I usually don’t have that much trouble putting a book down. Most of the time I have a pretty good idea what’s going to happen next and even if I don’t, it takes a lot of suspense to keep me reading beyond my usual half-hour morning session on my stationary bike or in the evening before I go to sleep. I’m not impressed by either vampires or zombies. This book, however, was another story, literally and figuratively.
Not only was the suspense palpable, it sucked me into a world that in some ways was too familiar. All quality fiction transports the reader to another place and/or time, but it’s usually relatively easy (at least for me) to separate the story from reality. Not so with this one.
Apocalyptic/dystopian fiction has been extremely popular the last few years, which isn’t surprising given the state of the world. Things have gone crazy and have been heading that way for several decades. There are end-of-world prophecies from various religions and cultures with the signs that they are near clearly upon us. The world has ended before and will again. It’s just a matter of time. Things can change dramatically overnight, as we witnessed with the events of September 11, 2001. As pervasive as that influence was, however, life did manage to go on, at least for those who weren’t directly affected. I think most of us suspect that we’ll have some warning, if no more than a bad feeling, before, as the preppers say, when TSHTF.
But will we?
This story begins in the here and now. A somewhat normal but bad day for the protagonist, Dan, who loses his job. The next day a predawn windstorm comes through, doing what amounts to moderate damage. Except for the fact that as far as Dan can tell, he, his wife and daughter are the only ones left alive. Vehicles of all descriptions are askew on the roadways, their drivers dead. The neighbors are dead in their bed. Animals mysteriously seem to have been spared. Unlike most apocalyptic stories, the world itself is unharmed. The power is still on as well as the internet but there’s nothing to be found in any media source that even hints at anyone else on the entire planet being alive. Unlike other apocalyptic stories where some sort of natural or man-made catastrophe sets things off, in this case there is no known cause.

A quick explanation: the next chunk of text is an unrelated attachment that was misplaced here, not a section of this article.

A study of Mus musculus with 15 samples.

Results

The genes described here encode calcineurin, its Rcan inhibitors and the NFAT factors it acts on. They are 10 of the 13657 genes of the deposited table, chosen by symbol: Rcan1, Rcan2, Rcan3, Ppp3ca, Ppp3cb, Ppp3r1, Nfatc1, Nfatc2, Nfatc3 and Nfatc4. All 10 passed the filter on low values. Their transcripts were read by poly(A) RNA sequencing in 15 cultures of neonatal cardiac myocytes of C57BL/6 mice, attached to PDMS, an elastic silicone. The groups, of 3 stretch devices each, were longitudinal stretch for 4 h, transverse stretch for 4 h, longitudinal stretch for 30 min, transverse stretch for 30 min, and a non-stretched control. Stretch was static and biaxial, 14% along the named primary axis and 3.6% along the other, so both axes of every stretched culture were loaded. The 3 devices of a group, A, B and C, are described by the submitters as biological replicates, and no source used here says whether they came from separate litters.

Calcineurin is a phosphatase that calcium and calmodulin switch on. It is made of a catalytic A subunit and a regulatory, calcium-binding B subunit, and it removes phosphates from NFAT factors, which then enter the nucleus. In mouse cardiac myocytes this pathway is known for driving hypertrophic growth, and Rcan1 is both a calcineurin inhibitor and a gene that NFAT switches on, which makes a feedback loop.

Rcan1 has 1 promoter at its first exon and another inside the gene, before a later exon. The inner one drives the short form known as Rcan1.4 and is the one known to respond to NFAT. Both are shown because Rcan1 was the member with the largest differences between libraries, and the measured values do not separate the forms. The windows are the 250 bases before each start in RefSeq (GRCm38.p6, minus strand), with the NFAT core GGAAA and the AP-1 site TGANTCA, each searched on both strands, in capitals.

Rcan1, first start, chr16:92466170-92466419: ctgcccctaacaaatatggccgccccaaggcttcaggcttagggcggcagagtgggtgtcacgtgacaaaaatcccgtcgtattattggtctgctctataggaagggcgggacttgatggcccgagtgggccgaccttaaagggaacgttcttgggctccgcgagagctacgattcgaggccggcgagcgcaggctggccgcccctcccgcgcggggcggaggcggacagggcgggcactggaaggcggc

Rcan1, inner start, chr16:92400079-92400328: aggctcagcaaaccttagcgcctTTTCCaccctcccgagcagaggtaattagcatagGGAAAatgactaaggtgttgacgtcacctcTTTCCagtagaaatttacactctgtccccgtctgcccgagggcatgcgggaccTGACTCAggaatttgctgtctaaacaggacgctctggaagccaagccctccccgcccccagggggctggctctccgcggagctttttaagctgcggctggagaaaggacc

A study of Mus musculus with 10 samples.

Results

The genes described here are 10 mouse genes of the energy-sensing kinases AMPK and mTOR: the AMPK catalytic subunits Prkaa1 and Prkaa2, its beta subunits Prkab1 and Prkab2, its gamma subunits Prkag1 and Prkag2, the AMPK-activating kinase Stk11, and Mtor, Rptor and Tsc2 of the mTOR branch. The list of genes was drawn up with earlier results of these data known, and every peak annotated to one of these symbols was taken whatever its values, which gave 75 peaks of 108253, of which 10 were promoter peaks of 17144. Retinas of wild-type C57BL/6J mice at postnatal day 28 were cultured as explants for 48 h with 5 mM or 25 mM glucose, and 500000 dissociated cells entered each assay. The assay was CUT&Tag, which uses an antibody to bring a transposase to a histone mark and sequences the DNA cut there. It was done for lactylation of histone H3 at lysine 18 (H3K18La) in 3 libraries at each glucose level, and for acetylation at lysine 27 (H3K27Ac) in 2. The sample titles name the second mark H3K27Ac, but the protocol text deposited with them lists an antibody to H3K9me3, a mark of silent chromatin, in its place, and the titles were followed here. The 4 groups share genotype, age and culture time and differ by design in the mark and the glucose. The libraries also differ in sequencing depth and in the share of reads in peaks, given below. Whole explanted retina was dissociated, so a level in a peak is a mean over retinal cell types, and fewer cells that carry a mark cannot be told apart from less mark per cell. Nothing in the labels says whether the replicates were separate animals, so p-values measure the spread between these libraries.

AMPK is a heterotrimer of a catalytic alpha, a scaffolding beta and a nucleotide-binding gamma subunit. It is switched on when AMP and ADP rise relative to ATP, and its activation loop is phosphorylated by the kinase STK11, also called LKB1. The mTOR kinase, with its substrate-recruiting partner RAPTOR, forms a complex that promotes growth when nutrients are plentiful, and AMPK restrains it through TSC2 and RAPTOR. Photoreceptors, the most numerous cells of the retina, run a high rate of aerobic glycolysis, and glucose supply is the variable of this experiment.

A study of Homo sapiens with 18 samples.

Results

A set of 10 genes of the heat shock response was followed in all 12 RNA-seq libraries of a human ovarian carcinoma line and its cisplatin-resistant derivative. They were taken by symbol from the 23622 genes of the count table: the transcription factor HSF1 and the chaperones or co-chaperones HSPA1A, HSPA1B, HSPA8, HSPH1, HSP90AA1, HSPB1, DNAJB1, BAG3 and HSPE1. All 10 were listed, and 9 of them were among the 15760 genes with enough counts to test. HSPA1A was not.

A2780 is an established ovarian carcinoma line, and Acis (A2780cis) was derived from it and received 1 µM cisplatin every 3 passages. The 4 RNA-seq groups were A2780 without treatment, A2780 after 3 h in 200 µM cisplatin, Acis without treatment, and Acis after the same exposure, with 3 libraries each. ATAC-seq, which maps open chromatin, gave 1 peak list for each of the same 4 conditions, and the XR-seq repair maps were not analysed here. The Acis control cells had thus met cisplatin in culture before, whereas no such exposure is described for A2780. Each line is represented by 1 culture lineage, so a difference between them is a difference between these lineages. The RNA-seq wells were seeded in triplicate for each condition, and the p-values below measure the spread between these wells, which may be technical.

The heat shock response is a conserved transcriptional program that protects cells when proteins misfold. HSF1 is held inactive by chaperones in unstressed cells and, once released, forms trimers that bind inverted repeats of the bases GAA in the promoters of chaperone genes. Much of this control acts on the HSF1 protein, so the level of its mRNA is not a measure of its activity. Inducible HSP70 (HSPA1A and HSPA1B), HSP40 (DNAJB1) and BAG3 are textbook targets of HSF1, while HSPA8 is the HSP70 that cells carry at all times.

So now what?
Dan and his family live in Switzerland on what could most easily be described as a comfortable homestead. They have a large home with a guesthouse surrounded by a well cared for yard and a garden. He and his wife are educated people with some idea how to take care of themselves. Since there is no massive destruction other than the pervasive loss of life, they can go to the store and get whatever they need, which they do. Their actions under the circumstances reflect what most of us would do and reflect today’s world. For example, he ran a Facebook ad looking for others.
The story depicts how the world changes with the people gone. The skies are clear and blue, wildlife, packs of dogs, and vegetation start to take over. After a while they get paranoid as they wonder if any other survivors might be hostile. Dan’s young daughter goes into a depression as she realizes she will never share her life with anyone besides her parents. The realism and level of detail in this first person account are chilling and too easy to imagine. But why has everyone died? Or conversely, why has Dan and his family survived?
I don’t want to get into spoiler territory so will leave it at that. There are numerous interesting plot developments and a few more surprises. I will say that the majority of questions are answered by the conclusion and the explanations are not as far-fetched as you might expect, again adding to the rather alarming message underlying this brilliant novel.
The human species remains barbaric in spite of our technological achievements. We are not taking care of our planet as we should. Wars are everywhere and violence in the name of religion has got to be the ultimate travesty. Different animal species care for each other better than too many humans. They have evolved more than we have.
If you had the power to do something about the status quo what would you do? “Daimones” describes one scenario that’s real enough to give considerable pause to the next predawn windstorm. The next volumes in this trilogy are definitely on my list and are bound to be extremely gripping as well. You can get your copy at Amazon here.